Gosa Ceremony For ‘Shopping King Louis’

Sang Hyun and the casts of ‘Shopping King Louis’ performing the traditional Gosa ceremony to pray for the success of the new drama.
For more info on the Gosa ritual

  1. Zsuzsanna says:

    Well, I have red the info about this ritual! I have to tell it is strange… I don’t believe in superstitions, but I don’t understand, a nation who has so excellent technologial development, how can believe in it??? Very strange! If it’s only a funny ritual/ habit then it’s OK, but if they really think that a pig head could help to be successful.. 😀 Here we say those people believe in it who have no confidence! I don’t want to hurt any feelings or habits, but I think anyone can put any number of pig head to that table if there’s no confidence in him/herself and the other’s ability. A drama will be successful if it has good script and scriptwriter, good director, talented actors and actresses and many-many money!!! And of course the channel or media are very important where the drama will be broadcasted! If one of these are missing, you can hold many rituals or put pig heads onto the table, it won’t help! 😀 But how could help a cooked dead animal???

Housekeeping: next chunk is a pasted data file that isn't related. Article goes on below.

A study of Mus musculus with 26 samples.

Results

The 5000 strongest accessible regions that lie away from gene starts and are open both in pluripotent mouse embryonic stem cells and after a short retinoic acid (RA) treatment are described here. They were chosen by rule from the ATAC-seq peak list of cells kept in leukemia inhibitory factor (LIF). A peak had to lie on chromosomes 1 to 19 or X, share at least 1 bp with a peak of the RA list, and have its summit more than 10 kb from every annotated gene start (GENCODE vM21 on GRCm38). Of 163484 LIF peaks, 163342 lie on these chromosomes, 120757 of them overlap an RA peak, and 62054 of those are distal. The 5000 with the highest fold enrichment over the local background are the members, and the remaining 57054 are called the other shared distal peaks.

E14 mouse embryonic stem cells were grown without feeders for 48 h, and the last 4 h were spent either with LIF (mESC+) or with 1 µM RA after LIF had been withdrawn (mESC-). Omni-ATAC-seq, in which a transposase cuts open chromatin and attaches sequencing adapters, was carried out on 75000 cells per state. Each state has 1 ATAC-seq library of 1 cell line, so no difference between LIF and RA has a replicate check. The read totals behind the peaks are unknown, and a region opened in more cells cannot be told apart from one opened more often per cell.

By the way, that pig head is so scary… 😦
    Otherwise, I hold my fingers crossed for the success of SH’s new drama! 😀 At least in this case noone (the pig) has to die for his success! 🙂
    Once the Korean Cultural Center asked us to give a slogen to Seoul which expresses the best way South Korea. My slogen was “Traditions and developments”, though I didn’t win with it, but I think these two words are very typical for Korea!

    • juleecwk says:

      Like other Asian countries, South Korea too has many traditional beliefs and even share similar festivals. Worshiping with a pig’s head is not unique to them as the Chinese too have this practice of using a roast pig for prayers. From what I’ve read about South Korea, Shamanism has a strong influence on their culture just as Shintoism for the Japanese. Western countries too have their traditional practices and beliefs which goes back through the centuries. Certain rituals may seem strange or steep in superstition but these practices have become very much a part of their culture. I think it’s not so much about confidence but more on hope and wishes for good luck and blessings. Animal sacrifice were practiced by many other religions in ancient times.